SACRAMENTO, Calif. – There is no indication around the league that Sacramento mayor Kevin Johnson has started to rally support among the NBA power brokers who could become his last line of defense to keep the Kings in Northern California, a backing that would be critical as part of a potential showdown vote.
He has obviously been in contact with the league office, including commissioner David Stern. But sources confirm Johnson has yet to reach out to many, if any, members of the Board of Governors who would decide whether to approve a sale if a deal is closed with the Chris Hansen–Steve Ballmer group that would move the team to Seattle.
If the Maloof family does sell to Hansen-Ballmer, as is a possibility, Johnson will be down to his final hope: The Board of Governors, one representative from each team, either an owner or high-ranking executive as proxy, refusing to approve.
Such an outcome would be very rare, and maybe even unprecedented, for the reasons Johnson would be pressing. The former All-Star point guard would be telling the BOGs to vote for Sacramento by voting against Seattle. He would, in essence, be urging owners to deny the bid of a group that by every indication has the financial resources and wants to CPR new life into a floundering franchise by moving it to a city with major corporate backing and a tradition of supporting sports.
That would require Johnson to build a coalition of very sympathetic and strong members of the Board of Governors.
Proposed ownership changes around the league that fell apart in the past were usually because the bank account wasn’t as impressive as the prospective buyer(s) had indicated. It is reasonable to think in this case that Stern would not have allowed the Seattle bid to get this far without being confident that at least the biggest names, Hansen and Ballmer, could pass the requisite financial and personal background checks. Plus, the city for the proposed relocation has everything a major-league market should have, including a new arena in the works.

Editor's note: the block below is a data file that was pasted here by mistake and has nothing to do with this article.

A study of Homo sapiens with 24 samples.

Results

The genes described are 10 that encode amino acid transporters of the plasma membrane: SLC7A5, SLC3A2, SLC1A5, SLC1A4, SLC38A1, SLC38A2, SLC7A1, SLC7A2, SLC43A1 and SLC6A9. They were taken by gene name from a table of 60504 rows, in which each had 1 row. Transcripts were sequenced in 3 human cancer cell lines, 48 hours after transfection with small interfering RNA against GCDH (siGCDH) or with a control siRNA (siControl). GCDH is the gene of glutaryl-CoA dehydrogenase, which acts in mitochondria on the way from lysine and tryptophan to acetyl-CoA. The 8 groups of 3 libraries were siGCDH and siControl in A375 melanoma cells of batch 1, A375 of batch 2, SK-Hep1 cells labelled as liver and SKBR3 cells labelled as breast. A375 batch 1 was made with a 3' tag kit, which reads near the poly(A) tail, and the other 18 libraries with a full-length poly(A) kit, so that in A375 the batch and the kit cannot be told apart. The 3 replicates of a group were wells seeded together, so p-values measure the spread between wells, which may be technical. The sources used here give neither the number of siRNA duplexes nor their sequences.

If it comes down to the BOG, Johnson would be asking owners to ignore all that to believe Sacramento can match the past of 10 years ago, when the California capital was an example of what the NBA wanted in excitement and fan support. He would be asking them to turn down a city most everyone would want back in the NBA on the speculation of what might happen in a city that at the moment cannot say who will own the team, where it will play and where the money will come from if Johnson does get a group to make a credible bid for the Kings.
If the Seattle deal falls through and the Maloofs end up selling to owners who want to keep the team in Sacramento, Johnson’s BOG problem goes away. If not, though, KJ needs to have done some serious lobbying with the owners.
On the bright side for the passionate Sacramento faithful, Johnson has a very good start. His work the last few years on the task has won a lot of praise around the league from powerful people who mostly knew him only as a point guard for the Suns.
Johnson had the support of Stern from the beginning. It was Stern who believed enough in a first-term mayor with no previous political experience to dissuade the Maloofs from seeking to relocate long enough to allow Johnson to put a plan into action. Stern’s confidence was rewarded last February, when the team, the city and the NBA reached agreement on a downtown arena, only to have the Maloofs later back out after privately and publicly supporting the deal.